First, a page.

Plastic fantastic or not, its your choice

I’d choose titanium over plastic any day if I had a choice for surgical reconstruction or organ support.

Unfortunately, New Zealand women who need bladder or gynaecological repair work don’t get that choice. There are very few options available for treating pelvic floor disorders, so we get plastic mesh.

Surgical Mesh Stock Photo Getty Images

Over the years there have been unwelcome complications from the surgery and allegations of dodgy plastic mesh from one supplier of surgical mesh, Boston Scientific.  Boston Scientific polypropylene-based (plastic) devices have been a mainstay in many medical procedures for more than 50 years, including hernia and tendon repair, sutures, and wound closure.

A  New Zealand website, Mesh Down Under, has gruesome stories of women with horrible complications from surgery using plastic mesh. It is enough to put anyone off before even looking at the number of ACC claims made. Quote

So far, at least 800 injury claims associated with the products have been lodged with ACC. Injury payouts have cost about $13 million. End of quote.

These 800 claims all relate to the use of surgical mesh but some claims will be the result of dodgy surgery. Of those 800 claims, only five can be identified as mesh supplied by Boston Scientific, as of two years ago.  We do not know if these claims are as a result of product malfunction or surgical error, so can surmise that the Boston Scientific product in New Zealand is relatively safe to use.

Two years ago our health watchdog Medsafe investigated Boston Scientific’s mesh products and cleared the products reporting finding five adverse event reports on its use:  Quote

“Boston Scientific’s response provided comprehensive information about the testing of the polypropylene material that had been used to make mesh the company had distributed,” spokesman Chris James says. Information included physical and chemical testing which was aimed at ensuring the material met or exceeded the specifications of previous batches of material and that it was safe to use.
In total, five adverse event reports involving Boston Scientific mesh products have been logged with Medsafe”.  End of quote.

‘Made in China’ is probably not a label you want to see on the plastic product that is going into your body, and allegations that Boston Scientific illegally sourced inferior resin from China after their main supplier pulled out have been strongly refuted by the company. Quote

The investigative story contained “completely false claims that our transvaginal mesh products contain counterfeited and smuggled materials,” according to the company’s statement, which is signed by CEO Mike Mahoney, and Dave Pierce, president of Boston Scientific’s urology and pelvic health division. End of quote.

It is also alleged that Boston purchased 30 years supply of the Chinese resin giving them enough product to last until 2035. This argument only holds up if Boston uses the resin solely for its surgical mesh production but they produce many other surgical products. Surgical mesh comprises just 1% of Boston products which they say they will continue to produce because it is one of the few options available to treat pelvic floor disorders.

That there can be serious complications from using plastic mesh is indisputable, but the use of mesh made from Chinese resin or not, is polypropylene implanted permanently in the human body such a good idea?  Boston’s previous supplier of the Marlex product, Phillips Sumika, stopped supplying it in 2005 and issued a statement in 2008 saying it was not:  Quote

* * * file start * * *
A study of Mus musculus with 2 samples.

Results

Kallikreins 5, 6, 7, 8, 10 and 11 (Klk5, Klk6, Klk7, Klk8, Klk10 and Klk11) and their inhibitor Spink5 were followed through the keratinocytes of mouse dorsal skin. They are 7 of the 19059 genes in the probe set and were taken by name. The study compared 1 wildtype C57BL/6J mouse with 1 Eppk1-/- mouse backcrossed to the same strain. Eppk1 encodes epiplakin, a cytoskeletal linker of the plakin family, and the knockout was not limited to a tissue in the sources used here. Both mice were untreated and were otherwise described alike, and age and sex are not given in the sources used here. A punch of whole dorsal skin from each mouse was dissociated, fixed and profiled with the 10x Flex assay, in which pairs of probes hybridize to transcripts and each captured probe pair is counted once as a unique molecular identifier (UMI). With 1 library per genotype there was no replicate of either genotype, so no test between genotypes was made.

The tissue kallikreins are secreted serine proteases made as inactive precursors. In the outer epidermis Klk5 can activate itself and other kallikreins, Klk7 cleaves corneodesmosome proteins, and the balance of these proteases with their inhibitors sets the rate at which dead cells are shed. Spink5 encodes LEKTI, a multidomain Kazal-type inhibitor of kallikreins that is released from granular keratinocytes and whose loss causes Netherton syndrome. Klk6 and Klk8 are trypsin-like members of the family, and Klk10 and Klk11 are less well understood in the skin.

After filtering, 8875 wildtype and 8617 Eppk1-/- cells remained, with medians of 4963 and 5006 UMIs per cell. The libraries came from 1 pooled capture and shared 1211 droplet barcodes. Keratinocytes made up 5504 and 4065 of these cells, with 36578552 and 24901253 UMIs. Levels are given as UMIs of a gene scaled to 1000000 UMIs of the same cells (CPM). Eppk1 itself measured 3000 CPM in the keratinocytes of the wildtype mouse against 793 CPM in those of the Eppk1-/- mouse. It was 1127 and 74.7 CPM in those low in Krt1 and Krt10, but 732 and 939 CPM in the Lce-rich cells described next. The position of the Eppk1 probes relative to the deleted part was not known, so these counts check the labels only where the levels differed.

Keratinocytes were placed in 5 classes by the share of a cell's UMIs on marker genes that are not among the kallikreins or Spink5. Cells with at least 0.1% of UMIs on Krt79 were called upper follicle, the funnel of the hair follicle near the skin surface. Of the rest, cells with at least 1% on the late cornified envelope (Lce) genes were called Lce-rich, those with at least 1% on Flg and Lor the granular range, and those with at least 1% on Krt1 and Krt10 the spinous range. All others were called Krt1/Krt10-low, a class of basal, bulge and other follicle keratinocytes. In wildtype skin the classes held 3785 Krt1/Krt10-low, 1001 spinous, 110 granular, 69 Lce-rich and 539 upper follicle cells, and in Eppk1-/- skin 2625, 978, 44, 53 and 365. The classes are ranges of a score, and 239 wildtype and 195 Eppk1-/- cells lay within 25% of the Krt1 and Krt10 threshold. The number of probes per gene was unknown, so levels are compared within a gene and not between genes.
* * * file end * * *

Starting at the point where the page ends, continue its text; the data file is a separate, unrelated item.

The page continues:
Do not use this Phillips Sumika Polypropylene Company material in medical applications involving permanent implantation in the human body or permanent contact with internal body fluids or tissues’.  End of quote.

However, the FDA (United States Food and Drug Administration) disagrees. It investigated Boston Scientific’s Urogynecologic Surgical Mesh Implants, including the raw materials and released a report last year which cleared the Chinese resin and vindicated the company: Quote

The FDA determines the safety and effectiveness of finished products, not raw materials. However, in this case, to thoroughly address the allegations, we reviewed testing of the polypropylene raw material, as well as the finished mesh manufactured with polypropylene resin from both sources.

We found variability between the polypropylene resin from both suppliers, but determined, based on the information available to us, that these differences do not present new safety or effectiveness concerns, and do not require submission of a new premarket notification. Our previous update on the issue is available online.  End of quote.

The reasons why plastic mesh can cause problems are that polypropylene can cause inflammation, also it is unstable because it breaks down in contact with oxygen, making it shrink as much as 50%.  The body’s reaction to the mesh is to encase it in scar tissue, which can be uncomfortable and difficult to remove but can also provide support to replace the weakened tissue.

You have to ask the question, after Boston’s mesh products were cleared by the FDA and Medsafe last year, and it is nearly ten years since the resin was sourced from China, why 60 Minutes ran with this story? The answer to that question might be in who benefits from it, because it is not obvious at this point and it certainly isn’t Boston Scientific who have been unfairly slated.

As in all things, there are choices involved here, and decisions made on whether the risk of plastic mesh surgery going wrong is preferable to a lifetime of incontinence pads.

One in three women globally is affected by pelvic floor disorder, not all severely.  But if the risk of plastic mesh is enough to put the wind up you, ladies, there is a very good argument for keeping up those pelvic floor exercises.